May 4, 1914 (12th Parliament, 3rd Session)


William Thomas White (Minister of Finance and Receiver General)

Conservative (1867-1942)

Hon. W. T. WHITE (Minister of Finance) :

My attention has been called to a report in to-day's issue of the Montreal Gazette and in certain other newspapers By inadvertence an erroneous impression has been created as to what I said yesterday during the discussion of certain steel items in the tariff. The report is as follows :
That there may he some further revision of steel duties required to meet the existing conditions in Canada, particularly as regards structural steel, was intimated by Hon. W. T. White to-night, during the discussion of the steel items in the tariff schedules. Mr. White said that the bridge manufacturers and allied interests in particular were naturally deeply interested in this question, and would have representations to make which might result in some further changes. The nature of these he did not indicate.
I shall read from ' Hansard ' what I said. I was speaking of the resolution under which the Governor in Council is authorized, when satisfied that rolled iron or steel angles, beams, channels, and other rolled shapes or sections of iron or steel weighing 120 pounds and less per lineal yard are manufactured in substantial quantities in Canada from steel made in Canada, to direct that there be substituted for tariff item 379 in schedule A to the customs tariff, 1907, the following:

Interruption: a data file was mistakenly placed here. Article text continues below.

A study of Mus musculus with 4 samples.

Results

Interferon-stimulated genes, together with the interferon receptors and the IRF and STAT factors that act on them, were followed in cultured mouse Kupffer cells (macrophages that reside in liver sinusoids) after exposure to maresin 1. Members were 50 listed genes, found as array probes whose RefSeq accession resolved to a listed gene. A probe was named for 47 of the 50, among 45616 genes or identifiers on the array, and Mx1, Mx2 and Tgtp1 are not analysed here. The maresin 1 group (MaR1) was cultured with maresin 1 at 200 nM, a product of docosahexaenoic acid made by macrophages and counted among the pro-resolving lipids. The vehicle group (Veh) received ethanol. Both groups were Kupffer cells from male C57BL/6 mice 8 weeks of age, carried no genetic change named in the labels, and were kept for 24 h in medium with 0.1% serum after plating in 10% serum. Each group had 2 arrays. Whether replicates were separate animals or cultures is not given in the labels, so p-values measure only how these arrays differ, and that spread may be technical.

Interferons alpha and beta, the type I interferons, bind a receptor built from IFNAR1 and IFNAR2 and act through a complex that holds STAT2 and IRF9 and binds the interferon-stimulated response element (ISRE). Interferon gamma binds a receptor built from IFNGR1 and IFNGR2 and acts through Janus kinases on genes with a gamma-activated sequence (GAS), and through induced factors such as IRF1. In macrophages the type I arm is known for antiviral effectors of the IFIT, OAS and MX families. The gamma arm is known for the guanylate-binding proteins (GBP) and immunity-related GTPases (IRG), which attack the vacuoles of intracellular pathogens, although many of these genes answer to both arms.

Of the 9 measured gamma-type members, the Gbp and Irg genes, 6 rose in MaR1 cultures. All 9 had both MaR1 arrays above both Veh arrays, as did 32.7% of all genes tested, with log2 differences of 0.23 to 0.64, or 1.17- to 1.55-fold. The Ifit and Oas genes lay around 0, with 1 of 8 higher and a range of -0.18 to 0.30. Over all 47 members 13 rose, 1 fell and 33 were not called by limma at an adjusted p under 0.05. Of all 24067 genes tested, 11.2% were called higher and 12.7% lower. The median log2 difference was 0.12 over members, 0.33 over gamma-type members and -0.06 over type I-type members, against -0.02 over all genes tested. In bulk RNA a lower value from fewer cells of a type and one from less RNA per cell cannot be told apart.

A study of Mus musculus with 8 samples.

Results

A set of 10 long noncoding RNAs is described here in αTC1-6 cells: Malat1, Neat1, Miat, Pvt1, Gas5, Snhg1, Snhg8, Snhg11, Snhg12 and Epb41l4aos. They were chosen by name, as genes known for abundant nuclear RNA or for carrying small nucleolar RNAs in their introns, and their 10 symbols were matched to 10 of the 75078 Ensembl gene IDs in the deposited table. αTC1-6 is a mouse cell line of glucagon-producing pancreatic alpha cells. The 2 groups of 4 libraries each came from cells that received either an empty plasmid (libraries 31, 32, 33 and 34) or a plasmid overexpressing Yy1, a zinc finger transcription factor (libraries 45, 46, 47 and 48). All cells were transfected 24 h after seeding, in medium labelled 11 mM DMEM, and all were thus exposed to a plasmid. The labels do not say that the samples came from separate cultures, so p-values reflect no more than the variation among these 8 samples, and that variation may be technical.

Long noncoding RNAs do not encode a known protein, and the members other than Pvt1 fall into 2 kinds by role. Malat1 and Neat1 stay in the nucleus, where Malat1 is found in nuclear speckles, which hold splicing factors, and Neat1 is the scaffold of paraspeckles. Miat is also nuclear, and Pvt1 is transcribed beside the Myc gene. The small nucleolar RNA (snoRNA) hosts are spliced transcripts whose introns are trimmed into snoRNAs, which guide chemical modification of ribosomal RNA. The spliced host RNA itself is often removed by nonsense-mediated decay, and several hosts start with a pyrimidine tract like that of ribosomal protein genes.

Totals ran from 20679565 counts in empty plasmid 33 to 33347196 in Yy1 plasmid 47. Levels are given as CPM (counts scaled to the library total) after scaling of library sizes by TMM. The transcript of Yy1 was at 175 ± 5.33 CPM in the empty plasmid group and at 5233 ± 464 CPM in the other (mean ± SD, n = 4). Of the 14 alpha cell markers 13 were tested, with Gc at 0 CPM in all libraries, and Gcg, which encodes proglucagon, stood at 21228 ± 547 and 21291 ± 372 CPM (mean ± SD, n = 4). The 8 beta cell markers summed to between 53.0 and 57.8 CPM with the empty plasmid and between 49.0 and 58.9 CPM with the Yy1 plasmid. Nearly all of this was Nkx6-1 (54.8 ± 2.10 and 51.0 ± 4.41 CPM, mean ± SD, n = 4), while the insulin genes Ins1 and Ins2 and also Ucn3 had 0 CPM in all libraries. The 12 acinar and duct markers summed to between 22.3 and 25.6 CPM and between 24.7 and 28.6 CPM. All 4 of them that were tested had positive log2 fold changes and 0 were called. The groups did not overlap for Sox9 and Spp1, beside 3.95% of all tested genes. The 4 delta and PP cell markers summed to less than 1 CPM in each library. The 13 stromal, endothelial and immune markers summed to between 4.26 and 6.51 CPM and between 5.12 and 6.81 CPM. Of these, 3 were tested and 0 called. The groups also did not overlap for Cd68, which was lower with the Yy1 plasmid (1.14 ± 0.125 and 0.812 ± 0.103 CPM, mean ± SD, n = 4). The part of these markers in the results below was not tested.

379. Rolled iron or steel angles, beams, channels, and other rolled shapes or sections, of Iron or steel, not punched, drilled or further manufactured than rolled, weighing over one hundred and twenty pounds per lineal yard, n.o.p. not being square, flat, oval or round shapes, and not being railway bars or rails per ton-British preferential, $2; intermediate, $3 ; general, $3.
I explained to the House that the effect would be that on structural steel, from 35 pounds per lineal yard up to 120 pounds per lineal yard, the general rate of $7 per ton would be imposed. That is now the Tate on structural steel up to 35 pounds per lineal yard. The item which I have read will not become effective until the Governor in Council so directs, after being satisfied that rolled iron or steel angles and the other products mentioned are manufactured in substantial quantities in Canada. What 1 said, in answer to my hon. friend from Pictou (Mr. Macdonald), was:
X am in hopes that within the next year and a half or two years plants will be established at the Sault, and possibly at New Glasgow, Sydney and Hamilton, capable of manufacturing structural steel up to 120 pounds per lineal yard. As soon as the Government is satisfied that structural steel up to that weight can be manufactured in Canada, the increased duty will come into effect. It is possible that some other adjustments of the tariff may have to be made by reason of that change when it comes into effect. For instance, the manufacturers of bridges are interested in this duty upon structural steel.
Of course, it was not in my mind that a change would be made in the $7 per ton duty which this item imposes. I said that when the change comes into effect it is possible that some other adjustments of the tariff will have to be made in consequence of that change. Not, of course, upon these products, but upon other products; or, in other words, what are known as consequential changes. I desire, therefore, to make it plain that the adjustment which I had in mind did not relate to these products. I may say, in order that there may be no doubt whatever about the matter, that it is not the intention of the Government to introduce any further tariff changes at this session of Parliament.